Music in German Politics / Politics in German Music: Edinburgh German Yearbook, volume 13 [Hardback]

Siobhán Donovan(Editor); Maria Euchner(Editor)

ISBN: 9781640140608 | Published by: Camden House | Series: Edinburgh German Yearbook | Year of Publication: 2021 | 248p, H9 x W6,
Status: Not Yet Published - Available for pre-order

Music in German Politics / Politics in German Music


A particularly iconic image of German Reunification is that of Mstislav Rostropovich playing J.S. Bach's cello suites in front of the Berlin Wall on November 11, 1989. Thirty years on, it is timely to reconsider the crossfertilization of music and politics within the German-speaking context. Frequently employed as a motivational force, a propaganda tool, or even a weapon, music can imbue a sense of identity and belonging, triggering both comforting and disturbing memories. Playing a key role in the formation of Heimat and "Germanness," it serves ideological, nationalistic, and propagandistic purposes conveying political messages and swaying public opinion.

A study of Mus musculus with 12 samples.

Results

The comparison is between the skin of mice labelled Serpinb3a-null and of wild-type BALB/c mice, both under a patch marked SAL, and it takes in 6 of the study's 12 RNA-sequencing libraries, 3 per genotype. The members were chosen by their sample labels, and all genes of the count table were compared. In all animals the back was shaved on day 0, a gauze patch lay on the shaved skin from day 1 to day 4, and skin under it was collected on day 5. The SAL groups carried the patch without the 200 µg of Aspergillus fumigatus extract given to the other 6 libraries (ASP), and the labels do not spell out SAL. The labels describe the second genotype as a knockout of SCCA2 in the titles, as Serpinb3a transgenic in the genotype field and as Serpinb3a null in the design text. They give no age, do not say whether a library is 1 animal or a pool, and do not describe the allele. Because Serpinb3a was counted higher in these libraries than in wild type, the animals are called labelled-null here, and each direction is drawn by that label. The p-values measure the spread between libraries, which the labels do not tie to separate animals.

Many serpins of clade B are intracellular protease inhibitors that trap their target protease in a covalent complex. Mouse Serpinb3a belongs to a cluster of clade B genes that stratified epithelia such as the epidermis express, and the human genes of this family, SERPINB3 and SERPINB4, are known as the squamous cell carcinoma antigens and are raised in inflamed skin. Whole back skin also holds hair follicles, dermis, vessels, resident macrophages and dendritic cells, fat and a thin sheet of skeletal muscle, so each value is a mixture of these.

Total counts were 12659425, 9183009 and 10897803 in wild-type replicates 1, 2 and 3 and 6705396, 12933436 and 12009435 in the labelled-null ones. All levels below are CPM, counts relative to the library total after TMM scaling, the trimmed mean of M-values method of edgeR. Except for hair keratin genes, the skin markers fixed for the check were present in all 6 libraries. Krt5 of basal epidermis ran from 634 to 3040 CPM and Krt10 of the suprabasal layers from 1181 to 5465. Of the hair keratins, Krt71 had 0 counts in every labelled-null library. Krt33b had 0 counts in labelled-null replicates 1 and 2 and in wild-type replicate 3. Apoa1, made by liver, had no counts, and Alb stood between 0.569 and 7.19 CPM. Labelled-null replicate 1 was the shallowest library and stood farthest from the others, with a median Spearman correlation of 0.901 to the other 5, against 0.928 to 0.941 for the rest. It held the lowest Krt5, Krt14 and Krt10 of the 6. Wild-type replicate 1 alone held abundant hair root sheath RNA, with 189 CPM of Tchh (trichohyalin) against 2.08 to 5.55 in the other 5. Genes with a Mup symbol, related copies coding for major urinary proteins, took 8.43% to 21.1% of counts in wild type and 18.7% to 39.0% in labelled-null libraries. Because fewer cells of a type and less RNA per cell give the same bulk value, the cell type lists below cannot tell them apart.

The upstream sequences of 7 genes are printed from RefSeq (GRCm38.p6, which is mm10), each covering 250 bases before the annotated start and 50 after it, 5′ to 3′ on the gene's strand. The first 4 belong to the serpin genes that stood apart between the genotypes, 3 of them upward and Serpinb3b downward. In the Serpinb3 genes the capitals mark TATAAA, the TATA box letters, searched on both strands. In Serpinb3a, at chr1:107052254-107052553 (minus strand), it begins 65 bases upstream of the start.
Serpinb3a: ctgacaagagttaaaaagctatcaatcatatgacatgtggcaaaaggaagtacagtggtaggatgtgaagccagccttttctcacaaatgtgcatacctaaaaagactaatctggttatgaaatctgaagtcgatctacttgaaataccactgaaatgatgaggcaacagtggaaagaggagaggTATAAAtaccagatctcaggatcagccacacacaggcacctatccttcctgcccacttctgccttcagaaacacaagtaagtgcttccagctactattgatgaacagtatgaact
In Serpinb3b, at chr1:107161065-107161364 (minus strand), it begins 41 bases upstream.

This volume brings together essays by historians, literary scholars, and musicologists on topics concerning the increasing politicization of music, especially since the nineteenth century. They cover a broad spectrum of genres, musicians, and thinkers, discussing the interplay of music and politics in "classical" and popular music: from the rediscovery and repurposing of Martin Luther in nineteenth-century Germany to the exploitation of music during the Third Reich, from the performative politics of German punk and pop music to the influence of the events of 1988/89 on operatic productions in the former GDR--up to the relevance of Ernst Bloch in our contemporary post-truth society.

The editors are SIOBHN DONOVAN, Assistant Professor of German at University College Dublin, and MARIA EUCHNER, Assistant Professor of German at Dalhousie University, Canada.

Additional Information

AmazonLink N/A
AppleLink N/A
BNLink N/A
GoogleLink N/A
KoboLink N/A

Product Tags

Use spaces to separate tags. Use single quotes (') for phrases.